Texas voter ID law’s fate could hang on details
08 September 2014
Challengers to Texas voter ID law are represented by a team of over a dozen lawyers from the U.S. Justice Department, civil and voting rights groups, and private law firms. The burden of proof is on the challengers to show that the ID law will stop Texas’s racial minorities from voting.
There’s not much dispute that a huge number of Texans currently don’t have ID—one estimate introduced by the challengers last week put it at 1.2 million eligible voters. Much of the plaintiffs’ case was aimed instead at demonstrating the burdens—financial and otherwise—of getting an ID.
Daniel Chatman, an urban planning expert at the University of California, Berkeley, testified that based on a detailed study he conducted, 11% of Texas’s African-Americans would face a 90-minute roundtrip journey to the nearest ID-issuing office. For whites, the figure was just 3.3%. The difference, said Chatman, is almost entirely due to different rates of car ownership, since having to use public transportation adds significantly to the journey time.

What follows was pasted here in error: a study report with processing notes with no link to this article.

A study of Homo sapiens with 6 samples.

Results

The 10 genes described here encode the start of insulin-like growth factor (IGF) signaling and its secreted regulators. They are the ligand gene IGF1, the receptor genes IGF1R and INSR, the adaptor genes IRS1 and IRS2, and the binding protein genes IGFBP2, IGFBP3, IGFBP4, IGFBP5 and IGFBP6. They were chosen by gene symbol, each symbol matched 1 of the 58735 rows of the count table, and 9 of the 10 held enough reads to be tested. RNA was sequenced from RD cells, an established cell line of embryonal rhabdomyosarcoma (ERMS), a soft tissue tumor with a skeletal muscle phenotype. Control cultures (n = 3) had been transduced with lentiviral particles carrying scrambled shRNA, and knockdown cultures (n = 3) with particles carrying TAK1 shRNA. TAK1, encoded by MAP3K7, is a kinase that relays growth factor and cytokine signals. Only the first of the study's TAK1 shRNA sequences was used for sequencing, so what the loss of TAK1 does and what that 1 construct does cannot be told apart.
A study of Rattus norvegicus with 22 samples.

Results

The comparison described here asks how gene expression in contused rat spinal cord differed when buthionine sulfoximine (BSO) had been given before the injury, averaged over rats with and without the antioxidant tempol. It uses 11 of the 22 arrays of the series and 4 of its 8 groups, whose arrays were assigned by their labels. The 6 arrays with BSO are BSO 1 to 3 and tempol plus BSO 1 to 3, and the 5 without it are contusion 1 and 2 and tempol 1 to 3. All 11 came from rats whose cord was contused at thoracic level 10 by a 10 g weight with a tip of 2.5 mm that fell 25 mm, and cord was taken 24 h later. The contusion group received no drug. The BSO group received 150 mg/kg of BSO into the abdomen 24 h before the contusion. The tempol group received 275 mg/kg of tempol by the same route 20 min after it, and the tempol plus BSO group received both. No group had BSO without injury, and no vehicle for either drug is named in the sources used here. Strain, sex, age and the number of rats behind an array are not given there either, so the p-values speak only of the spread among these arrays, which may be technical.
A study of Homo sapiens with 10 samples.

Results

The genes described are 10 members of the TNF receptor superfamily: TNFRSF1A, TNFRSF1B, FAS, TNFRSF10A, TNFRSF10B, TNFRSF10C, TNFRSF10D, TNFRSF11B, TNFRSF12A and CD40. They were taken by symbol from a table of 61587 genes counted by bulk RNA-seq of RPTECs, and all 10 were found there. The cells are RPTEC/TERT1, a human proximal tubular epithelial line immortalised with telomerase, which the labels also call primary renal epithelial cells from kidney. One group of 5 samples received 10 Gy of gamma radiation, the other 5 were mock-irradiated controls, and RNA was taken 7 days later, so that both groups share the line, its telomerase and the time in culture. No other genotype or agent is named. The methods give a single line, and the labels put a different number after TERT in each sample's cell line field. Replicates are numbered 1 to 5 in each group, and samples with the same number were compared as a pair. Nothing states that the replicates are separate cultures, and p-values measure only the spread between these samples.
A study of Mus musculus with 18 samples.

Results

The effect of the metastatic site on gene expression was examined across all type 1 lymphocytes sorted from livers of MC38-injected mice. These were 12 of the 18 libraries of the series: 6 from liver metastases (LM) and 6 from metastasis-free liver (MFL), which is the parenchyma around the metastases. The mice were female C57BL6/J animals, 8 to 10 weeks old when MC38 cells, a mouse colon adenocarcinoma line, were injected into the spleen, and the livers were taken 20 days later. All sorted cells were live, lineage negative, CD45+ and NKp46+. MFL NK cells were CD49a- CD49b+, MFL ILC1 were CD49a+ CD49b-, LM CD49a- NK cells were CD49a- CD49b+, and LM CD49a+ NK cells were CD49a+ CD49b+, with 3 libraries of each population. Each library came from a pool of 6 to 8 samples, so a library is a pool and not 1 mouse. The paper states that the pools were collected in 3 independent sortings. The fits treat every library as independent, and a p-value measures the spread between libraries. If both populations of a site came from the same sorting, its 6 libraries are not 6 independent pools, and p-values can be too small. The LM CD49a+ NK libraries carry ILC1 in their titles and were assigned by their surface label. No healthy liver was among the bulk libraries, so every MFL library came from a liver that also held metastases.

Separately, Kevin Jewell, a veteran Texas lawyer appearing as a witness, said he’d calculated that for one low-income woman, getting the underlying documents needed for a state ID card would cost $63.45—over a third of her monthly income.
“The budgets these individuals have are constrained,” said Jewell. “That means they have to make a choice that many Texans don’t have to: They have to choose between using their money to buy an ID or something else that may be important to them.”